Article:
NEW RESEARCH has revealed that the UK has reached “peak petrol”, with sales of combustion engine vehicles only set to fall as the country embraces its electric future.
The study, by Deloitte, the auditing and consulting company, estimated that more than two in five (42%) new cars sold in Europe by the end of this decade will be pure-electric. Polling showed that half of UK motorists would consider purchasing an electric vehicle (EV) as their next model.
The research predicted that five territories — the UK, Germany, France, the Netherlands and Scandinavia — would lead the uptake, due to their ability to invest in charging infrastructure and offer financial incentives to those thinking of buying an electric car.
It further estimated that by the end of this year, annual worldwide EV sales will reach 2.5m, rising to 11.2m by 2025 and then to over 30m by the end of the decade.
A ban on the sale of new petrol, diesel and possibly hybrid cars is set to come into effect in the UK in 2035, although this date could be bought forward pending further consultation. The government has signed into law its commitment to reach “net-zero” greenhouse gas emissions by 2050.
Separate analysis by McKinsey has found that the UK is the 12th largest buyer of pure-electric cars in the world, with the number sold this year sitting at nearly 31,000 — nearly triple last year’s figure. This is despite the sales of new cars plummeting during the coronavirus crisis, with registrations falling 97.3% in April.
Though overall sales volumes were low, the Tesla Model 3, the American car maker’s entry-level saloon, was the bestselling car in the UK for the two strictest months of lockdown. Tesla is now classed as the most valuable car company in the world, and posted four profitable months in a row for the first time in its history last week.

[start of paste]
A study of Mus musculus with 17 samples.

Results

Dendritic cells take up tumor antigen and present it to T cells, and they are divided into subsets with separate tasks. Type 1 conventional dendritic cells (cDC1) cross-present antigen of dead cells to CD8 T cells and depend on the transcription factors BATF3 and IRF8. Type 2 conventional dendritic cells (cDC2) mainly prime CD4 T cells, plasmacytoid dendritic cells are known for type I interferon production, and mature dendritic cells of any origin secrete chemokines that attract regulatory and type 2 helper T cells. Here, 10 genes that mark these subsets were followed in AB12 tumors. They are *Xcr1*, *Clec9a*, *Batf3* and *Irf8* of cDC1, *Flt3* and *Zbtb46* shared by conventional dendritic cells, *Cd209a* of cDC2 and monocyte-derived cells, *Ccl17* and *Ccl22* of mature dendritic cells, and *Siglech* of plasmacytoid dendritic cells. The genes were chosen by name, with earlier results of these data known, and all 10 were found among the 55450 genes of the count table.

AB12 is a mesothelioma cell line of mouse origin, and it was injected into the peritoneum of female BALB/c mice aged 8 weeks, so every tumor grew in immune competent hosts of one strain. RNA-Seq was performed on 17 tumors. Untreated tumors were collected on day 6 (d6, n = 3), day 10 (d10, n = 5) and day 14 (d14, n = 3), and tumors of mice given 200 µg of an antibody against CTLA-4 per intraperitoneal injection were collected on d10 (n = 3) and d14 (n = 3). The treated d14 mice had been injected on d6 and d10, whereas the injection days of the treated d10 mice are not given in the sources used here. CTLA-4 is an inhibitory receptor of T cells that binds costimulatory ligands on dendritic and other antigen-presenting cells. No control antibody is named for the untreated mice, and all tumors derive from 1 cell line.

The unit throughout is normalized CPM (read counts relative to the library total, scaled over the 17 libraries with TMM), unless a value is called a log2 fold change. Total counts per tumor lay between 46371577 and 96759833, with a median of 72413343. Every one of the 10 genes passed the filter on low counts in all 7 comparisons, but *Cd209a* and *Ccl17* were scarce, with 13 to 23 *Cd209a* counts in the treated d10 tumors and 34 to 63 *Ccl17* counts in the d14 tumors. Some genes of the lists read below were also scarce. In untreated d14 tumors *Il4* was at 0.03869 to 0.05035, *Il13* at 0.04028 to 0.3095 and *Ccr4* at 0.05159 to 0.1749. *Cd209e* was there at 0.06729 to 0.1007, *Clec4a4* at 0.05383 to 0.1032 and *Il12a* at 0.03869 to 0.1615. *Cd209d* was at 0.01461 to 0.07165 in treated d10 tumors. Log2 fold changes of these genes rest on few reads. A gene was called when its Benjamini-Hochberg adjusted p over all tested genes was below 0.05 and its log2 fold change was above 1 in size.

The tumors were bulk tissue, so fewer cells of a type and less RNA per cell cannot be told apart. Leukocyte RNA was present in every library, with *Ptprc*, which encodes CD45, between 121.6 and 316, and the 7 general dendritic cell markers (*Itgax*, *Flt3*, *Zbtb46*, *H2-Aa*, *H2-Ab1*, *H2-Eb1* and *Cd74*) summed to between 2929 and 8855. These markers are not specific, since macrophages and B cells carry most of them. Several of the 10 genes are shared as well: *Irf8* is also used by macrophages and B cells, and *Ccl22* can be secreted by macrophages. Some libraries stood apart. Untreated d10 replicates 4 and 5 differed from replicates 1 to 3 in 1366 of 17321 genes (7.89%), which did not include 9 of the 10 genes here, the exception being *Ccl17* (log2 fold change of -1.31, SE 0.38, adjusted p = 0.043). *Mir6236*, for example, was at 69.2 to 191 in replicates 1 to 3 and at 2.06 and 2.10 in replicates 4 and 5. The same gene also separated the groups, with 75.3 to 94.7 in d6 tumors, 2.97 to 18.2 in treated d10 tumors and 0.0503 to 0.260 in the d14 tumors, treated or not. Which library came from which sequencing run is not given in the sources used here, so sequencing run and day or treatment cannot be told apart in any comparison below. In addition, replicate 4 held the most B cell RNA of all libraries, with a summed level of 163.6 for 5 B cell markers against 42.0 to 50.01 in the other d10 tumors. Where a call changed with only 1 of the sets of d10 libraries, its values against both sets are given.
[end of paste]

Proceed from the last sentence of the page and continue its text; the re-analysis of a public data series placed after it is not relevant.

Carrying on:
However, pure-electric cars still only comprise 4.7% of all the new cars sold in the UK. While this is a huge improvement on last year’s 0.9%, it doesn’t compare to countries such as Norway, where the “penetration rate” for green vehicles sits at around 60%.
A partial reason for the peak of petrol is the coronavirus’ long term impact on sales. Deloitte predicted that sales of new cars will not recover to pre-lockdown levels until 2024, by which time improvements in battery technology and wider production will mean that the price of electric cars will have decreased from current levels. The extra initial cost of EVs compared to their internal combustion engine (ICE) counterparts is often cited as a reason for their comparative unpopularity. A new Peugeot 208 with a diesel engine is around £6,000 cheaper than its electric equivalent, the e-208.
Jamie Hamilton, head of electric vehicles at Deloitte, said: “The outbreak of Covid-19 means we have likely seen petrol and diesel vehicles reach their sales peak, albeit relatively unnoticed. With total annual car sales unlikely to return to pre-pandemic levels until 2024, even if sales growth in the petrol and diesel market returns it is likely to experience a decline in market share thereafter.”
The popularity of diesel has not recovered since the Volkswagen emissions scandal, often referred to as “dieselgate”, shook the automotive world in 2015. In the five years since, it has been variously proven and alleged that a number of other car makers fitted their diesel models with “defeat devices” designed to hoodwink emissions tests.